The Sun Country Health Region (SCHR) has welcomed 15 new physicians to the region during the past 12 months, according to numbers supplied in late January.
Residents of Estevan, Carlyle, Redvers, Arcola, Oxbow, Kipling and Weyburn have all benefited from the recruitment efforts of their local communities, the Saskdocs program and the SCHR. All of those groups have worked in partnership over the past two years to recruit these doctors.
“As a result of this successful work, more residents will be able to connect regularly to a family doctor rather than visiting the region’s emergency rooms or traveling out of the region for their health care needs,” said SCHR CEO Marga Cugnet.
Retention is the next big step in this process. Keeping the doctors who have arrived is as important as recruitment was two years ago. For that part, the region must rely, to a great extent, on the local communities.
Saskdocs' province-wide survey last year indicated that a work-life balance is the most important issue for new physicians coming to Saskatchewan. About 45 per cent of doctors cite an imbalance between their work and their family life as the reason they would choose to leave their practice. About 48 per cent said they would leave specifically for family reasons.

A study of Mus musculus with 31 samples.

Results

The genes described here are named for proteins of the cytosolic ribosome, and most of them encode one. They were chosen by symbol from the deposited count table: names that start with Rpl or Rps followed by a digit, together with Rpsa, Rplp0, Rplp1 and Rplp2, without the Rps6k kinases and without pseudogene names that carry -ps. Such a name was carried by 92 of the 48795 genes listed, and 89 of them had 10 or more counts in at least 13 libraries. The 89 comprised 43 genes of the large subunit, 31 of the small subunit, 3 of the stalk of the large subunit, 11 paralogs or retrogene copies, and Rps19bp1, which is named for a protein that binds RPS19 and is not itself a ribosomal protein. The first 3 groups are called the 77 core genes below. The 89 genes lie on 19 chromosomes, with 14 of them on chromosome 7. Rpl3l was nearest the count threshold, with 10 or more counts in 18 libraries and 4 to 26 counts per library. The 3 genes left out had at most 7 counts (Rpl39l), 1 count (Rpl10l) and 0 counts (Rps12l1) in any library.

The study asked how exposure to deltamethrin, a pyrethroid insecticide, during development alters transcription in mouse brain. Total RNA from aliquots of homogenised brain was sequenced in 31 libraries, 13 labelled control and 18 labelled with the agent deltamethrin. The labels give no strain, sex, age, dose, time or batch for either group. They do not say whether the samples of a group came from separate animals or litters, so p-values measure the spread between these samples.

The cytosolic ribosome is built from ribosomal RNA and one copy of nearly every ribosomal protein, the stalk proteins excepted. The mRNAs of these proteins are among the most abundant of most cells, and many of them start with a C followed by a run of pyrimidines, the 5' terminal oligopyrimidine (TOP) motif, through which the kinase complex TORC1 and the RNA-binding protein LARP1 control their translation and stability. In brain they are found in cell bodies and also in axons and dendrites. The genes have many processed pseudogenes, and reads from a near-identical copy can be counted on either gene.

In contrast, income was an issue for only four per cent of departing doctors.
The result of that Saskdocs survey means the region must continue to keep the number of doctors at an optimum level, so that each doctor is required to work on-call in a hospital emergency department a minimum number of evenings and weekends, said Cugnet.
“It also means that local communities need to extend a friendly hand to the new doctors and his/her family members, include them in activities, and help them integrate into the area and become settled,” said Cugnet.
The Saskdocs survey showed that in the past, 54 per cent of new doctors coming into the province received little community help, like assistance to find housing and transportation, or education for their children. They believe a community orientation to facilities and services would help them feel welcome and encourage them to stay.
The SCHR says it is fortunate that communities recognized these needs and provide support.
“That kind of information is a powerful tool to help all the agencies involved in recruitment to stay focused and remain successful,” says Mrs. Cugnet.
Recruitment for more doctors and nurse practitioners for communities which are still short will continue in the upcoming year.